If Gov. Andrew Cuomo signs legislation creating an affordable housing component to the Community Preservation Fund, residents of the five East End towns would see a resolution on the November ballot to opt in or out of collecting an additional 0.5% real estate transfer tax from property buyers.
The money would be designated to create so-called “work force” or affordable housing.
Deputy Supervisor Amber Brach-Williams told the Town Board at Tuesday’s work session that word of the legislation came from Assemblyman Fred Thiele Jr. (I-Sag Harbor) at last week’s meeting of the East End Supervisors and Mayors Association.
While the governor had some questions about the legislation sponsored in the Assembly by Mr. Thiele and shepherded through the State Senate by Sen. Kenneth LaValle (R-Port Jefferson), Mr. Thiele said he expects it would be signed by Dec. 28, opening the door to referendums in each of the five towns.
While the 0.5% tax for affordables would be similar to the 2% real estate transfer tax funding purchase of open spaces and water quality improvement projects, it would have a higher threshold before it kicked in for property buyers.
On Shelter Island, East Hampton and Southampton, the tax wouldn’t affect property purchases of less than $500,000. In Southold and Riverhead, the additional tax wouldn’t be assessed on property purchases of less than $280,000.
The existing Community Preservation Fund taxes also have an exemption on purchases under $250,000 on the Island and the two Hamptons towns and $150,000 in Southold and Riverhead.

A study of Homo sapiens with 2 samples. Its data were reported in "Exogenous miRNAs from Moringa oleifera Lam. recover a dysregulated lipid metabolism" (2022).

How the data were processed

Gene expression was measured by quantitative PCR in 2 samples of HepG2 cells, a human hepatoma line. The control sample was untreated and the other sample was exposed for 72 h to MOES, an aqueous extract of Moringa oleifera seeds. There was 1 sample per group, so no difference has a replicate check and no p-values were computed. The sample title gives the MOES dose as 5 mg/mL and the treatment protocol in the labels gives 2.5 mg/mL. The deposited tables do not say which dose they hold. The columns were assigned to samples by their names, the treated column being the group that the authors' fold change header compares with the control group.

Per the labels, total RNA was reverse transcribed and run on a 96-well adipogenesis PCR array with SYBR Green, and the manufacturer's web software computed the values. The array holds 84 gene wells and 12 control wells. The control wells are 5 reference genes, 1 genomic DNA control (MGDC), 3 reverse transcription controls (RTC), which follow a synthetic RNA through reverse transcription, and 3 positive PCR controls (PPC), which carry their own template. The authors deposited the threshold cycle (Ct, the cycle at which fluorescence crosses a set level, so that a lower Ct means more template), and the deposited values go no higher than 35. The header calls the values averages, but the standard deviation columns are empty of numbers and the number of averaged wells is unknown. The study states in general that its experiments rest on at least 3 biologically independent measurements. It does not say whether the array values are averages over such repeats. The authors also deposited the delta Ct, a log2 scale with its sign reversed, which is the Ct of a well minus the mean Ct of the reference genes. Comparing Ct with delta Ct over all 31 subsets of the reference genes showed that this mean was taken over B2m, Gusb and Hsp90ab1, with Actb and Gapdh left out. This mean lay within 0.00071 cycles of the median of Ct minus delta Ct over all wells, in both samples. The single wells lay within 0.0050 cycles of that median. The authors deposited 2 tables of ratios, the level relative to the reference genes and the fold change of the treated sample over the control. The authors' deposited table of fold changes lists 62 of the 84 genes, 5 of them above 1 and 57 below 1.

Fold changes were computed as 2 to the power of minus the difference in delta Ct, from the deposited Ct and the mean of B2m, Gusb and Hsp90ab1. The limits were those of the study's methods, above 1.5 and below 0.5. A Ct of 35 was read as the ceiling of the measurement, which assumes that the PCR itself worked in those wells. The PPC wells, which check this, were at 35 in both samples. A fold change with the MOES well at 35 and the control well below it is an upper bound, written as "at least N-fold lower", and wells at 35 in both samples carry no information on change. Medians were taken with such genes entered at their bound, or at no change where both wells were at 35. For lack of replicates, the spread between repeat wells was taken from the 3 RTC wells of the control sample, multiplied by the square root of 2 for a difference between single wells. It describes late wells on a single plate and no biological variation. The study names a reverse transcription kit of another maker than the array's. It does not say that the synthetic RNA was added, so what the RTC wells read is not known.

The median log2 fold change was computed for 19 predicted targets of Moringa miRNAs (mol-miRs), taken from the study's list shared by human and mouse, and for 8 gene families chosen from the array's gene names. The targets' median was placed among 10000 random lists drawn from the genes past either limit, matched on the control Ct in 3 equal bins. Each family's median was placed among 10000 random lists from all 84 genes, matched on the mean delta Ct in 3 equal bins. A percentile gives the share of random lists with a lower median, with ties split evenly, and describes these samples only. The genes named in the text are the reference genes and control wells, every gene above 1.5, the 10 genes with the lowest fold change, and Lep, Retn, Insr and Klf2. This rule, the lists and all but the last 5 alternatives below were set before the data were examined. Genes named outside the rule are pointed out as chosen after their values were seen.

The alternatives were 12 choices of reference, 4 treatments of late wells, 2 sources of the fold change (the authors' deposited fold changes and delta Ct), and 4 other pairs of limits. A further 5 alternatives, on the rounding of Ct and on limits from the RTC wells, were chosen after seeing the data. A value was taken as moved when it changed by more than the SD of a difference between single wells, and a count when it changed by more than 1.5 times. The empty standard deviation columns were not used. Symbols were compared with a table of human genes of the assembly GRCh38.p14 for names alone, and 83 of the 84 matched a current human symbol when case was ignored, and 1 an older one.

If the legislation is signed and a referendum is approved, it’s expected the change in exemptions from the transfer tax would lower closing costs, Mr. Thiele said.
Councilman Jim Colligan told his colleagues that a conference call Tuesday with the town’s grant writer and others involved with the project to upgrade the bathroom at Crescent Beach has moved that project forward.
Plans now call for using a pump out tank similar to the one in use at Volunteer Park, instead of an I/A nitrogen reducing system. That will avoid interference with a PSEG electrical line in the area.
Contractor Matt Sherman is to make design changes in line with that decision, while the $113,000 50-50 matching grant seems assured of being extended as long as work is going forward, Mr. Colligan said.
He also met with school officials about plans for upgrading tennis courts and creating pickleball courts at the school. Money for the project is to be maintained in the 2020-21 school budget that voters act on in May 2020, Mr. Colligan said.
The Lions Club has indicated interest in helping to upgrade the basketball court with some new nets and there would be fundraising for resurfacing the court, the councilman said.
Mr. Colligan praised Mr. Gerth and Councilman Paul Shepherd who will be leaving office on Jan. 1.
He thanked Mr. Gerth for what he said was a restoration of civility and respect in town government, and initiatives that were achieved or moved forward under the outgoing supervisor’s administration.
The supervisor said before he started his term, he had watched the Town Board and appreciated that they needed a collegial relationship to keep moving forward with one another on the issues. He said he was grateful to his colleagues and Town Clerk Dorothy Ogar for their help in making his two years in office so satisfying.
Mr. Colligan said that while he didn’t always agree with Mr. Shepherd, he thought his colleague had been “a real voice for our community” and noted that the councilman had seldom missed a meeting and demonstrated a strong work ethic. Mr. Shepherd was “never afraid to speak his mind” and Mr. Colligan said he learned a lot from his colleague.
“A lot of it was my pleasure, some of it was my pain,” Mr. Shepherd said, thanking Mr. Colligan for his words.